Xylitol production by Candida species grown on a grass hydrolysate

  title={Xylitol production by Candida species grown on a grass hydrolysate},
  author={Thomas P. West},
  journal={World Journal of Microbiology and Biotechnology},
  • T. West
  • Published 4 January 2009
  • Biology, Environmental Science, Engineering
  • World Journal of Microbiology and Biotechnology
Xylitol was produced by selected species of the yeast Candida after growth on a medium containing a hydrolysate of the North American perennial prairie grass big bluestem. The grass was hydrolysed by a combination of dilute acid and enzymatic treatments. After growth on the medium for 120 h at 30 °C, Candida tropicalis ATCC 750 produced a 1.4-fold higher level of xylitol than did C. tropicalis ATCC 20215 while biomass production by C. tropicalis ATCC 750 was 1.7-fold higher than Candida…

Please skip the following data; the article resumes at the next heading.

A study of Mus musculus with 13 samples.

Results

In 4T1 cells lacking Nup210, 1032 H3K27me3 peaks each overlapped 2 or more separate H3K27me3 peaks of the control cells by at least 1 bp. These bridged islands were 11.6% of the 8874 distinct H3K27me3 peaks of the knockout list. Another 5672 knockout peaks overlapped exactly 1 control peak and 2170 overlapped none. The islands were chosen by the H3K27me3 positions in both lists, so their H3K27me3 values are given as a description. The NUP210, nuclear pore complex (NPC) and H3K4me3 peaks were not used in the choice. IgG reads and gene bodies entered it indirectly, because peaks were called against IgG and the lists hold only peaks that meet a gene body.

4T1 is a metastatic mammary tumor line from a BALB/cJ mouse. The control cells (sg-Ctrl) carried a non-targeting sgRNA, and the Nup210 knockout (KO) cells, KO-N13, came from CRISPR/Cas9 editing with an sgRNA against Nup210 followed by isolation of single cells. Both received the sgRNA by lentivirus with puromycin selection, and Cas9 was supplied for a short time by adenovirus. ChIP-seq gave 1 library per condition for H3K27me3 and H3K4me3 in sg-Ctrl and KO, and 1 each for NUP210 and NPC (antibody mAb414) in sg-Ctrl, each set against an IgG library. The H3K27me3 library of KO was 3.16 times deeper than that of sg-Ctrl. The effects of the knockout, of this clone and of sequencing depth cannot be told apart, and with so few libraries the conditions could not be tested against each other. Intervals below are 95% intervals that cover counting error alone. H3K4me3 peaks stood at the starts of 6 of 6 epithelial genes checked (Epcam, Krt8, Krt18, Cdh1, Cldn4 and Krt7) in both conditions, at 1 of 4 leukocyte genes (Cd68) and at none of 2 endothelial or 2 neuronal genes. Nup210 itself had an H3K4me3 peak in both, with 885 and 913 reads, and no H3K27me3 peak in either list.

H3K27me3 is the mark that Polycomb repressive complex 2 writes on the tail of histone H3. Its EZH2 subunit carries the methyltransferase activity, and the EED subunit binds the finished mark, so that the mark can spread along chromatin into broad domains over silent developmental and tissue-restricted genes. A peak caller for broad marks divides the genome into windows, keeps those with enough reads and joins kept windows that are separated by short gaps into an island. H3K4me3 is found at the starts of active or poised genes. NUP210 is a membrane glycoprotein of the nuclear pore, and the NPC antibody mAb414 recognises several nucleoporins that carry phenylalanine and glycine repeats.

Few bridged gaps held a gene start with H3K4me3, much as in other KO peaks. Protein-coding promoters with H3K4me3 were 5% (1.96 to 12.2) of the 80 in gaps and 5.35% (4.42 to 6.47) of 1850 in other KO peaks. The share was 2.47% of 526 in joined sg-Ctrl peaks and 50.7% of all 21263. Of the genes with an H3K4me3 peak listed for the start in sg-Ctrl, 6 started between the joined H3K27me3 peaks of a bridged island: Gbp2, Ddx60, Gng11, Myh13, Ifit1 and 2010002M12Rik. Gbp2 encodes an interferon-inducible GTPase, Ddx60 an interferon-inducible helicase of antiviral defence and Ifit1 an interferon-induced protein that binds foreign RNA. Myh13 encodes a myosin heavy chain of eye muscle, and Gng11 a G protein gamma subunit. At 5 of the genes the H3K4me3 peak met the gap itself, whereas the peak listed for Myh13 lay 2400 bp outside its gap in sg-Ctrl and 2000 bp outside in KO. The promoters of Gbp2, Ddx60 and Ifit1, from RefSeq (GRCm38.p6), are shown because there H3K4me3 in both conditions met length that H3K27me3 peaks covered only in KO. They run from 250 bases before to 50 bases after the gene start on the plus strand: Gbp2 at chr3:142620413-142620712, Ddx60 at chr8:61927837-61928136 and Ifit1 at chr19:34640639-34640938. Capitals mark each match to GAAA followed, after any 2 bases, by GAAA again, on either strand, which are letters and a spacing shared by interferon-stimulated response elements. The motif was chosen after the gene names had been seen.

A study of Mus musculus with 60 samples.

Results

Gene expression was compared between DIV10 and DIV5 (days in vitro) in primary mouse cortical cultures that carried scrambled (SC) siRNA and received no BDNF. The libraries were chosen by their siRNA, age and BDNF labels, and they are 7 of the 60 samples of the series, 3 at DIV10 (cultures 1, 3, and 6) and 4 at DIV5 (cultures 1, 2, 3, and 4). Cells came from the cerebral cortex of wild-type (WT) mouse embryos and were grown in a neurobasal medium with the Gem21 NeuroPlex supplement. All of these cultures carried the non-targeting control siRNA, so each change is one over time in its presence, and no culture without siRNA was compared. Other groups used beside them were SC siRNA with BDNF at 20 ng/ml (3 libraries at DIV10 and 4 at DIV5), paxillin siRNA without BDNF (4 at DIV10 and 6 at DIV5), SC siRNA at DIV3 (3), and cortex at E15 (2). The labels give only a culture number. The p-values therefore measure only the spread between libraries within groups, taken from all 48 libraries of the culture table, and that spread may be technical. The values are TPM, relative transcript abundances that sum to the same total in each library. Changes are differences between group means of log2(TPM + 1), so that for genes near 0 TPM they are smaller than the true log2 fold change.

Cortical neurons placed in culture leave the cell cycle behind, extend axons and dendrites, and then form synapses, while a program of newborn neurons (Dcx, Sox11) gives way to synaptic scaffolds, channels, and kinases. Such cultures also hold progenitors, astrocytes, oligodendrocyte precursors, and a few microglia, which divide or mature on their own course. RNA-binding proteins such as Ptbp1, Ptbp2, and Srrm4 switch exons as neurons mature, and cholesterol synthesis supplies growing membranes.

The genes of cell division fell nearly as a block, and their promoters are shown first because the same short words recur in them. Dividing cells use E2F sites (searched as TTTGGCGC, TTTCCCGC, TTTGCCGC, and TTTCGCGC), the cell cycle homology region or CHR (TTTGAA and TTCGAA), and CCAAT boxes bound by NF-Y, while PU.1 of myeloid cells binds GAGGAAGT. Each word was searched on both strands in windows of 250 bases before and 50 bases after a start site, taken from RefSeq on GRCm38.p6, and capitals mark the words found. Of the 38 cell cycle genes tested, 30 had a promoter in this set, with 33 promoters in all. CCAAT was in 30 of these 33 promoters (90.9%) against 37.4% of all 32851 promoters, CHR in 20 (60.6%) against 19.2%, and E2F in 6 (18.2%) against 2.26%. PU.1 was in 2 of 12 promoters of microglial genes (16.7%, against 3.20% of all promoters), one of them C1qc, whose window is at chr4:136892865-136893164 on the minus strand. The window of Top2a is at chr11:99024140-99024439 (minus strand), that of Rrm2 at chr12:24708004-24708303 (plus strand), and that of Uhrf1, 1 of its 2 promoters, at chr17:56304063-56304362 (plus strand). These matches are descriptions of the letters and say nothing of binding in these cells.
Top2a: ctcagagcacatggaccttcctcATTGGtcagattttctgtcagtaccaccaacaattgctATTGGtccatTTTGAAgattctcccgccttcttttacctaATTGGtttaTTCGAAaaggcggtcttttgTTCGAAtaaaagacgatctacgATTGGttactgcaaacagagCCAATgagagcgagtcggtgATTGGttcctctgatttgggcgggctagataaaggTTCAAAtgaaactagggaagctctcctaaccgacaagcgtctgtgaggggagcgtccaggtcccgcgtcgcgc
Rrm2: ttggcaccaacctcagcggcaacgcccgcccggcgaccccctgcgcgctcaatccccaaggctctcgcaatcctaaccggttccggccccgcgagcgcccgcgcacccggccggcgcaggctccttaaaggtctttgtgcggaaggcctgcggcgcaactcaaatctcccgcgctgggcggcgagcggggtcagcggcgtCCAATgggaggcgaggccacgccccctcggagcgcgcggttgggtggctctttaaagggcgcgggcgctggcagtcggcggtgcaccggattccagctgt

Microbial production of xylitol from glucose.
A microbiological method is described for the production of xylitol, which is used as a sugar substitute for diabetics, and D-Xylulose, but not glucose, was dissimilated toxylitol by yeasts under aerobic conditions.
A rare sugar xylitol. Part II: biotechnological production and future applications of xylitol
The biotechnological method of producing xylitol by metabolically engineered yeasts, Saccharomyces cerevisiae or Candida, has been studied as an alternative to the chemical method.
Production of Ethanol from d-Xylose by Using d-Xylose Isomerase and Yeasts
Results indicate that ethanol could be produced from d-xylose in a yield of greater than 80% by a two-step process, which appears to be carried out by many yeasts known for d-glucose fermentation.